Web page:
In the 19th century National Schools were created all throughout England and Wales by the National Society for Promoting Religious Education. These schools were to provide elementary education to the children of the poor in accordance with the teachings of the Church of England. They were amongst the first schools to provide a near universal system of elementary education. Gradually, they were absorbed into the state system which came into existence either as fully state-run schools or as faith schools funded by the state.
The aim of the National Society was to establish a school in every parish. The schools were usually adjacent to the parish church and named after it. As part of this initiative, in 1832, a school was opened attached to St. John’s Church, Hyde Park Crescent. In 1862 another school was opened attached to St. James’s Church, Sussex Gardens and two years later a third school was opened in the area attached to St. Michael’s Church, Star Street. These schools served the local communities some of whom lived on barges on the canal. The schools took boys and girls from infants through to 14 years of age which was then the official school leaving age.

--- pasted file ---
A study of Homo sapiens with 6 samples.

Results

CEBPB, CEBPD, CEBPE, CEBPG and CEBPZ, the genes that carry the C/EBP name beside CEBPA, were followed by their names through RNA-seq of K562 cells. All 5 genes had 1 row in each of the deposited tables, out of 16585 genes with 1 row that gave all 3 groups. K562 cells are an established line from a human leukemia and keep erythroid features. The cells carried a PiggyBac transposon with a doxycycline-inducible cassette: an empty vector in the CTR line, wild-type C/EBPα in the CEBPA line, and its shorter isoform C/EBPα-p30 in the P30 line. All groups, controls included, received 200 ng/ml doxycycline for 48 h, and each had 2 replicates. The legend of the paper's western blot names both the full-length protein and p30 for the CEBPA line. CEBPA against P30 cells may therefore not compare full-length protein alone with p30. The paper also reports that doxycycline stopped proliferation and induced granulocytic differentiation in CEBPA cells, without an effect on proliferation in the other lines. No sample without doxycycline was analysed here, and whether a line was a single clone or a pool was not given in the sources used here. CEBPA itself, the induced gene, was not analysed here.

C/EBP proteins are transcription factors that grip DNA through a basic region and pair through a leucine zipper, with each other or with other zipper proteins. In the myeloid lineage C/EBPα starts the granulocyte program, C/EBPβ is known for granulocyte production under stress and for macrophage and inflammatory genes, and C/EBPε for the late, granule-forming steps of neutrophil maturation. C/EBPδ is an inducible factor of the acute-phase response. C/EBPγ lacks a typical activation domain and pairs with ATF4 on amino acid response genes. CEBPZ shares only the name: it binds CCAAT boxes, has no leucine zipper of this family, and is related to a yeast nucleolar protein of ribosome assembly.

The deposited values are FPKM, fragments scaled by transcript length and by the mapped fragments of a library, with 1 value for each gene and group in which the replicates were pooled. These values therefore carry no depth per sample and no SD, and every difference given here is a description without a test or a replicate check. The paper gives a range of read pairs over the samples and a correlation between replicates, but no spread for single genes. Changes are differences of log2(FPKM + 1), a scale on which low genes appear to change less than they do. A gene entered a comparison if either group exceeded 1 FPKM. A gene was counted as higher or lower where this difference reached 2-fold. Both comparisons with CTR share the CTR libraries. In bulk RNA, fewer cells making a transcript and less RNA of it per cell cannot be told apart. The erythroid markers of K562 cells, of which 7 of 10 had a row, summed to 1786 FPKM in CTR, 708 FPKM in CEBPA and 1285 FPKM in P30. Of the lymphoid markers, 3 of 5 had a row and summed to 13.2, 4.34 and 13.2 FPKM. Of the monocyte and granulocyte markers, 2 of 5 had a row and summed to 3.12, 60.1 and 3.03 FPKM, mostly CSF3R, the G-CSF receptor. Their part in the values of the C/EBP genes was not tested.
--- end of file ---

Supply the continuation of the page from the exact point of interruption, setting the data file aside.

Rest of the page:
At the outbreak of World War II all three schools were evacuated to Cornwall and St. John’s School never reopened. Sadly, St. Michael’s Church was destroyed during the war and the parish eventually rejoined the parish of St. John’s. However, the school continued until 1970 when it closed down with any remaining pupils joining St. James’s School which later added the name of St. Michael’s to its own.
As time has passed the connection with the defunct church and school of St. Michael’s has become but a memory. Our communities now are based around the parishes of St. James and St. John. Therefore in 2013 the Board of Governors decided to change the name of the school to better reflect this. From September 2014 the new name will be St. James & St. John Church of England Primary School.
The school has come a long way over the past 40 years and though the main school retains its wonderful Victorian buildings behind a striking facade on Craven Terrace, the inside provides up to date facilities and a modern approach to learning underpinned by Christian values. The school has gained more space by having the Early Years’ unit in a refurbished part of St. James’s Church complete with its own playground. In the main school another section has been redeveloped to provide two modern classrooms plus a stunning, brand new extra classroom making use of the wonderful vaulted roof.